Eleven months after he replaced a coach who led Golden State to 51 victories last season, Steve Kerr now says he had no expectations for his Warriors in a post-Mark Jackson era, except that they would be better.
He just didn’t expect this much better.
He didn’t expect 67-15 — a regular-season record surpassed by only five other teams in NBA history — better.
“I did think this team would be better,” Kerr said. “I didn’t know what that would mean in wins and losses because winning 51 games, as the team did last year, is not easy in this league and then there are so many variables, with health being at the top of the list. I didn’t really try to put a number on what we’d do.
“The win total exceeds all expectations. I was looking for improvement and that’s what has been very gratifying: What already was a really, really good team has gotten better and that’s the whole idea.”
No other 50-plus victory team in NBA history ever improved by 16 victories the next season, not until the Warriors did so in a season when Kerr set records for achievements reached by a rookie coach.
Now with a first-round series against New Orleans starting Saturday, a question still looms: Are the Warriors built as well for the playoffs as they were for a dominating regular season when they won 45 of those 67 games by double digits?
TNT analyst Charles Barkley considers them a “legitimate” contender but thinks they’re susceptible inside to bigger, stronger teams and questions a team so reliant on the outside shooting of Stephen Curry and Klay Thompson.
“I don’t think you can make enough jumpers to win four series,” he said, “and I’ve said that for 25 years.”
They made 883 three-pointers — third most in NBA history, but most accurate — this season, but these aren’t your granddaddy’s running-and-gunning Warriors: Yes, they play at the league’s fastest pace and lead the NBA in scoring, but they’re also statistically considered its most efficient defensive team.
“No one has played as open as they have, but there’s a misconception to them,” Wolves coach Flip Saunders said. “If you look at the teams that have won championships the last three, four years — San Antonio, all those teams — they’ve all been very good three-point shooting teams. Golden State, they score a lot and they’re known as the Splash Brothers and all that, but they’re one of the best defensive teams in the league. They’re not a one-trick pony.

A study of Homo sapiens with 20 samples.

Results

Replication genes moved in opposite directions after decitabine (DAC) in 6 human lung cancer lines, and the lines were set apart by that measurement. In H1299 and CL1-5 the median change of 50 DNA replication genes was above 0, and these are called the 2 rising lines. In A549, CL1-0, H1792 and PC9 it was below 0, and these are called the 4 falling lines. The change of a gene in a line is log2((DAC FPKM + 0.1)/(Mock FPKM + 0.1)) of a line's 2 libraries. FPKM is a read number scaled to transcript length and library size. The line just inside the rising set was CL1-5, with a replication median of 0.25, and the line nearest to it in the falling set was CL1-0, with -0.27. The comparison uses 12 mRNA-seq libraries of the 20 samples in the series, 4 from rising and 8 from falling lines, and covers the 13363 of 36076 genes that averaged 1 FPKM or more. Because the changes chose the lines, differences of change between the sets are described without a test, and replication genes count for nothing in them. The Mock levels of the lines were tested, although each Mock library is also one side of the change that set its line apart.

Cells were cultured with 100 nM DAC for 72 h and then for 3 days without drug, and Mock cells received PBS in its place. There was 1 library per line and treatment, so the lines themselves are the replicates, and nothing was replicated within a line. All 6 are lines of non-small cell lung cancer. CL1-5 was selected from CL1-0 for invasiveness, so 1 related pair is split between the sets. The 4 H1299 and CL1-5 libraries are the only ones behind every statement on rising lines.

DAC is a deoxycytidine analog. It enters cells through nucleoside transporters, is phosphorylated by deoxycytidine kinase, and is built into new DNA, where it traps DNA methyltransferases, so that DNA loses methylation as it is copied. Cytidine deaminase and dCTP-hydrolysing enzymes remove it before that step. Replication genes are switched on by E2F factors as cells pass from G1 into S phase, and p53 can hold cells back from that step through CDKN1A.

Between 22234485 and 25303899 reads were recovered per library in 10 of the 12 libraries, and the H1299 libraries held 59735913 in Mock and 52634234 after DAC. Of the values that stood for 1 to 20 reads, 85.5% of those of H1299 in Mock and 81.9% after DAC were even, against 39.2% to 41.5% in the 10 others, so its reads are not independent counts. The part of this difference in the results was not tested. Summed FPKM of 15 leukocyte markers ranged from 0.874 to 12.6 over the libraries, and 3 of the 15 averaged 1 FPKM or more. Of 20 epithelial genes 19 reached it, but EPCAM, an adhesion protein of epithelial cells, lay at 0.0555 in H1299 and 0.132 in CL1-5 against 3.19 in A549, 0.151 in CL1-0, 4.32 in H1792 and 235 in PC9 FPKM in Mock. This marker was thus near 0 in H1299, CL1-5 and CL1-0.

“They can play both ends of the floor and, because of that, I think they’ll have an opportunity to have success.”
They are also the league’s best team at home, with a 39-2 record at Oracle Arena entering a postseason when home-court advantage sometimes makes all the difference.
“They don’t lose at home,” Saunders said. “That’s big.”
Kerr has them in this position because of several moves that took what Jackson built before he was fired and Kerr was hired last May.
A former NBA general manager, television-network analyst and player who won five championships with Chicago and San Antonio, Kerr accepted his first coaching job at age 48 and transformed an already successful team.
He did so first by insisting the team keep Thompson beside Curry in its Splash Brothers backcourt rather than include him in a trade with the Timberwolves for Kevin Love. Then he refined the Warriors’ offense.
He boosted young, underachieving Harrison Barnes’ play by making him a starter alongside Curry and Thompson. He moved former All-Star Andre Iguodala and his defense to a bench role on a team that’s deep with long, athletic defenders and anchored by underrated center Andrew Bogut, whom Kerr calls one of the league’s “most impactful players, it’s just not displayed in a traditional, statistical fashion.”
And maybe Kerr got a bit lucky when David Lee’s early-season injury created more playing time and a starter’s spot for Draymond Green, whose breakthrough season has made him a favorite for league Defensive Player of the Year.
Kerr hasn’t coached an NBA playoff game yet, just like he hadn’t coached a regular-season game when October arrived.
But he has played in a lot of them, 128 playoff games to be exact.
“Don’t forget my players have been in the playoffs the last couple years,” Kerr said of a team that reached the second round in 2013 after upsetting Denver in the first round before losing a first-round series in seven games to the Los Angeles Clippers last year. “We’re not the Spurs with 20 years of Tim Duncan going through the playoffs and all that, but we have our share of experience and a good combination of young legs to go with it. It’s a good mix.”